Why Even the Best Operator Can’t Fix a Bad Skilled Nursing Market

Skilled nursing operators with a strong regional focus and market presence are attractive to potential investors and capital partners, but ultimately the realities of the market will trump even the best operator.

The operator-driven nature of the SNF field makes the people involved in a given facility paramount, but investors can’t overlook how susceptible nursing homes are to local market forces, according to a panel of experts at the National Investment Center for Seniors Housing and Care (NIC) spring conference in San Diego.

“Operator always first,” Jonathan Slusher, head of senior living and health care at the private equity firm Northwind Group, said in response to questions about the criteria used to determine the right investment opportunities. “Expertise in their markets, but also their character. These are people you deal with on a daily basis, that you want to enjoy working with. But what I will say is that the best operator cannot fix a bad market. So fundamentals do come back to market and real estate, always.”


Northwind has made its investment bets with an eye toward market factors, but specifically with a focus on regional concentration. In fall of 2018, it purchased a portfolio of seven skilled nursing facilities with a total of 1,037 beds in Ohio and northern Kentucky, along with one 110-unit assisted living property, for a total acquisition price of $182.5 million.

Those facilities are operated by Carespring Healthcare, which has made a point of keeping its geographic focus narrow. In fact, Carespring CEO Chris Chirumbolo told SNN last year that the company focuses on keeping all locations within easy driving distance of management.

“You see providers who buy a couple buildings here, a couple buildings there — five states away. We’ll never do that,” Chirumbolo said last year. “It just doesn’t make sense because we want to be able to get to the building right now, with just an easy drive of maybe one to two hours. It’s one hour from our corporate office to every one of our buildings.”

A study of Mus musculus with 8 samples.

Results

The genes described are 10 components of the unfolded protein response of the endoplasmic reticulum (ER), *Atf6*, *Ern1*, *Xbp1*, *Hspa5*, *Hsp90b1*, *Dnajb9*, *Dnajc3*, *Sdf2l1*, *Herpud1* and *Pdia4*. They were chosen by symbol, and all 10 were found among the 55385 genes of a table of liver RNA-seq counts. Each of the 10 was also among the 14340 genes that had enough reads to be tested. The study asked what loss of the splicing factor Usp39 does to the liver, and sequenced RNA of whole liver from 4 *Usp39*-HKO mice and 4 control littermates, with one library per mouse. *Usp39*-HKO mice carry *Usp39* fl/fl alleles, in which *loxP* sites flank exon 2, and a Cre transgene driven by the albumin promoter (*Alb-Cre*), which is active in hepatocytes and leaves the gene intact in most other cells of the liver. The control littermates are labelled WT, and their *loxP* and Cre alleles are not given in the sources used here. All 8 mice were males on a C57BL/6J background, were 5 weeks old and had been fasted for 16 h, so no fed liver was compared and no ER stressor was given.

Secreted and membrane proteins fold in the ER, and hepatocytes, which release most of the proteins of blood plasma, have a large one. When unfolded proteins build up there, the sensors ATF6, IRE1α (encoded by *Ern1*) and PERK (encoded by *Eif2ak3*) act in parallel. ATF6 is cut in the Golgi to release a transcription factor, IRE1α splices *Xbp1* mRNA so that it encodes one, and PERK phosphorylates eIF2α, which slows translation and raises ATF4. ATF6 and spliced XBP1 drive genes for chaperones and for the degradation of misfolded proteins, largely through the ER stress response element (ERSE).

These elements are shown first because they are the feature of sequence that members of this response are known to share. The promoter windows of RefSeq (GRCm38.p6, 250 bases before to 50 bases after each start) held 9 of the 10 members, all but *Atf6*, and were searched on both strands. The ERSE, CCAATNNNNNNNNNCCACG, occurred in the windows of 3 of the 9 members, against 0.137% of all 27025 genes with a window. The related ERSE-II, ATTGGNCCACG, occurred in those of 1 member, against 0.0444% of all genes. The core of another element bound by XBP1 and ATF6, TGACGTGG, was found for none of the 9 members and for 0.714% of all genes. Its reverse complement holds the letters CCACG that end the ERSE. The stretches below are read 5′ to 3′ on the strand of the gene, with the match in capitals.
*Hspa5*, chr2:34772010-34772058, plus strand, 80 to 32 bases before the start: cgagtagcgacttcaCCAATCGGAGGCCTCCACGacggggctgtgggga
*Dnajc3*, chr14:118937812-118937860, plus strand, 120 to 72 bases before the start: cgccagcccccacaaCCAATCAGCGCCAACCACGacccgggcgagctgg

That type of regional concentration is attractive to Northwind, Slusher said, because it tends to tie into one of the other major considerations of SNF financial health and success: workforce tenure.

“We’re more focused on — not necessarily geography, but operators and portfolios that have some level of concentration to both ensure that they know that market extremely well and can staff their buildings extremely well,” he said. “Usually when there’s concentration, that team has been there for quite some time.”

He also added that “concentration” does not mean a mass of properties in a broad region, but something like the ability of the CEO in Northwind’s Cincinnati and Northern Kentucky portfolio to drive to all eight buildings in a day.

KeyBank Real Estate Capital has no particular geographic restrictions in its financing work with skilled nursing facilities, though it does make sure it doesn’t get “too long on one spot or the other,” Brandon Taseff, senior vice president at KeyBank’s health care group, said. The focus is more on aligning with the best owners and operators in the space.

That said, KeyBank does tend to do larger deals, such as portfolios, with some “built-in diversification from a market perspective,” and not many single-asset transactions. But from his perspective, the operator is indeed the paramount consideration.

“Generally speaking, going back to criteria, it’s who’s the sponsor, who’s the operator?” Taseff said. “The market, although important from a real estate 101 perspective — the owner-operators tend to outweigh that.”

Star concerns

In terms of how the financing environment has changed over the past few years, there’s one key element for SNFs that has become more prominent: the importance of the Centers for Medicare & Medicaid Systems’ (CMS) star ratings system on its Nursing Home Compare tool.

“The client conversations we had five years ago was: ‘Ah, they’re nothing, they don’t mean anything, don’t worry about it.’ And slowly but surely they’ve become a very important measuring device, not just for potential residents but now for insurance carriers, and now we’re hearing that managed Medicare, some of their contracts use star ratings … it impacts your ability to get HUD financing,” Taseff said.

In fact, the Department of Housing and Urban Development (HUD) has become even more stringent on its underwriting and approval process ever since the $146 million default by the owners of Rosewood Care Centers set a record at the agency. And lenders have emphasized that star ratings are a crucial tool for measuring the financial and clinical health of a nursing home company.

Given how much of the star ratings depend on factors like staffing, health outcomes, and surveys, operations still remain paramount.

“You need a very good operator to make the business work,” Slusher said.